Chart Art Fair Kicks Off In Style in Copenhagen
The sun is out and Peaches is ready to go.
Chart Art Fair opens in Copenhagen today, comprising of thirty galleries from Demark, Sweden, Norway, Finland, and Iceland, which take over the the Royal Danish Academy of Fine Arts’ Kunsthal Charlottenborg. Since its inception four years ago, the fair has expanded and evolved in a number of ways, and in 2015, 13.000 visitors came to see the best of Nordic art.
Founded by five local galleries, the fair lacks booths; instead, it emphasizes the art by showing it in a gallery setting. In the time in between, participating gallerists are treated to a series of dinners and events, providing great networking opportunities for invited dealers, gallerists, collectors, and institutions.
Susanne Ottesen of Galleri Susanne Ottesen, one of the five founding galleries of the fair, who is chairperson of Chart Art Fair, explained to artnet News that this non-profit venture is more about attracting the international art world to the region than making money.
“We are five [galleries] who have built up the fair together and we wanted to bring energy into this part of Europe in a way that means we can present art and do business,” said Ottesen. “There are so many Scandinavian galleries presenting at great fairs all over the world and it’s always outside of our context, Chart is about bringing attention to Copenhagen.”
The fair is staged in scenic, central Charlottenborg at the Kunsthal, or art school, in the heart of the city. The museum setting allows the fair to adopt a different approach in terms of layout. Instead of booths, the galleries exhibit in the gallery space, clearly marked yet not physically divided. And this year’s fair sees the addition of an emerging design section, housed together with the art fair in the Kunsthal and neighboring Royal Academy.
The design and ideology of the fair allows for flexibility and collaboration, especially in the shape of Galerie Magnus Karlsson from Sweden and Galleri Bo Bjerggaard from Copenhagen who, on the morning of the fair, decided that their room didn’t look right and re-curated the works together as a joint show. Magnus Karlsson brought twelve sculptural work by twelve artists, including pieces by Roger Andersson, Mette Björnberg, Thomas Broomé, Marcel Dzama, and Kent Iwemyr, and Bo Bjerggaard brought a variety of paintings, including work by Daniel Richter, Tal R, and a Georg Baselitz work, which incidentally sold at the fair curators and museums preview last night.
Although the quality of the works is very high, the prices are generally comparatively low. This, according to Ottesen, is to fit in with the low number of collectors in the region and to make the fair more inviting.
Alongside the usual suspects such as Marina Abramovic, Francesca Woodman, Andreas Gurksy, and Thomas Struth, many of the new works on view were specially commissioned for the fair. From works by emerging artists such as Nina Beier, brought by German-based gallery Croy Nielsen, to lesser-known artists such as Susanne Gottberg brought by Finnish gallery, Galerie Forsblom, which is now in its third year at Chart.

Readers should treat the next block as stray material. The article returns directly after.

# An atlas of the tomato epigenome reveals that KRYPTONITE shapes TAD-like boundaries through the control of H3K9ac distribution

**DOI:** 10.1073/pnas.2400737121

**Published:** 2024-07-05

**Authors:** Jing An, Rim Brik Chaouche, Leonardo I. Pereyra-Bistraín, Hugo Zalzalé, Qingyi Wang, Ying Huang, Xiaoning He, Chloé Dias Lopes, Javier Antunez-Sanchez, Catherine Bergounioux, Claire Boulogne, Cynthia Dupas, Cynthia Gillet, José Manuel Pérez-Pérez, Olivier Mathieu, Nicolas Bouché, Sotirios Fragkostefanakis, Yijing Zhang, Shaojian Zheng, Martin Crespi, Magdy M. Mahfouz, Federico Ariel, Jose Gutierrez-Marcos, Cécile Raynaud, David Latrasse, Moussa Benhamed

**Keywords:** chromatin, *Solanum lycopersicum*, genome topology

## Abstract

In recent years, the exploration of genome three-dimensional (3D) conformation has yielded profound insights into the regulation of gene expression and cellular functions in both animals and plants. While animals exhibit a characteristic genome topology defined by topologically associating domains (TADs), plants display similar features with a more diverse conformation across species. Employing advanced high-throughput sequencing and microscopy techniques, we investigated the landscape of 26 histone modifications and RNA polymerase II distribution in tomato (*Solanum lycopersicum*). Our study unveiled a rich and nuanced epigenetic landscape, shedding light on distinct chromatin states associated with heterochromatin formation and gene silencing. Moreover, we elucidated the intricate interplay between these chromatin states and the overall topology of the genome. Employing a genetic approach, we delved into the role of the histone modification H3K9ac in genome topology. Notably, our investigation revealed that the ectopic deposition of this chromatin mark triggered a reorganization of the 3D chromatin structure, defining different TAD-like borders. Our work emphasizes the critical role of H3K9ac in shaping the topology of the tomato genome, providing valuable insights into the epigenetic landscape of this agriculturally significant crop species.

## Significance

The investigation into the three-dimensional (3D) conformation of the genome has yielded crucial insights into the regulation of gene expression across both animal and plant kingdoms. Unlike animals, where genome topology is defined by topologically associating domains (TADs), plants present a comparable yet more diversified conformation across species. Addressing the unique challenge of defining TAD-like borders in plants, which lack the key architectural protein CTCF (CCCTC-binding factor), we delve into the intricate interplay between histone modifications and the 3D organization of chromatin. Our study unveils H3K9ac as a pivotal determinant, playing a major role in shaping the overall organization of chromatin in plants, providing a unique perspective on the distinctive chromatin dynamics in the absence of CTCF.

“We come here because the fair is well organized and the quality is good,” Forsblom director Kiira Miesmaa told artnet News. “We do a lot of fairs around the world, in the US, Europe and Asia, but we think it’s also important to be present at the Nordic Fairs in Nordic countries…”
Miesmaa also praised the atmosphere of the fair, putting it down to the fact it is organized by galleries for galleries.
Although only Nordic galleries—either in location or origin—are invited to Chart, fair director Simon Friese was keen to emphasize how much more international the fair is now than when it started four years ago. “The fair has changed radically in the last two years with a lot more people coming from outside the region,” Friese explained. “We invite the galleries and they bring their own selected collectors and we host them.” In 2015, the fair hosted 1,000 international guests, and that number will likely be repeated this year.
The fair is abuzz today, as collectors dart between Chart and the new Copenhagen art fair CODE. Later, the fair will kick off in earnest with an all-female musical line-up headlined by Berlin-based performance artist and musician, Peaches.
Friese says that the social side to the fair has been put together specifically to attract people from outside the art world with involvement of crossover artists such as Douglas Coupland, whose slogans appear all over Copenhagen, and Brian Eno, whose sonic installation is a highlight.
“The social program opens up the fair to a broader audience outside the traditional art world who might also want to buy art but would be more attracted by a great music or design program,” he explained. “So it adds to the vibe but also contributes to the commercial part of the fair.”
Whether this spirit of unity and openness translates into sales is yet to be seen but in terms of visitors the Chart is definitely off to a good start.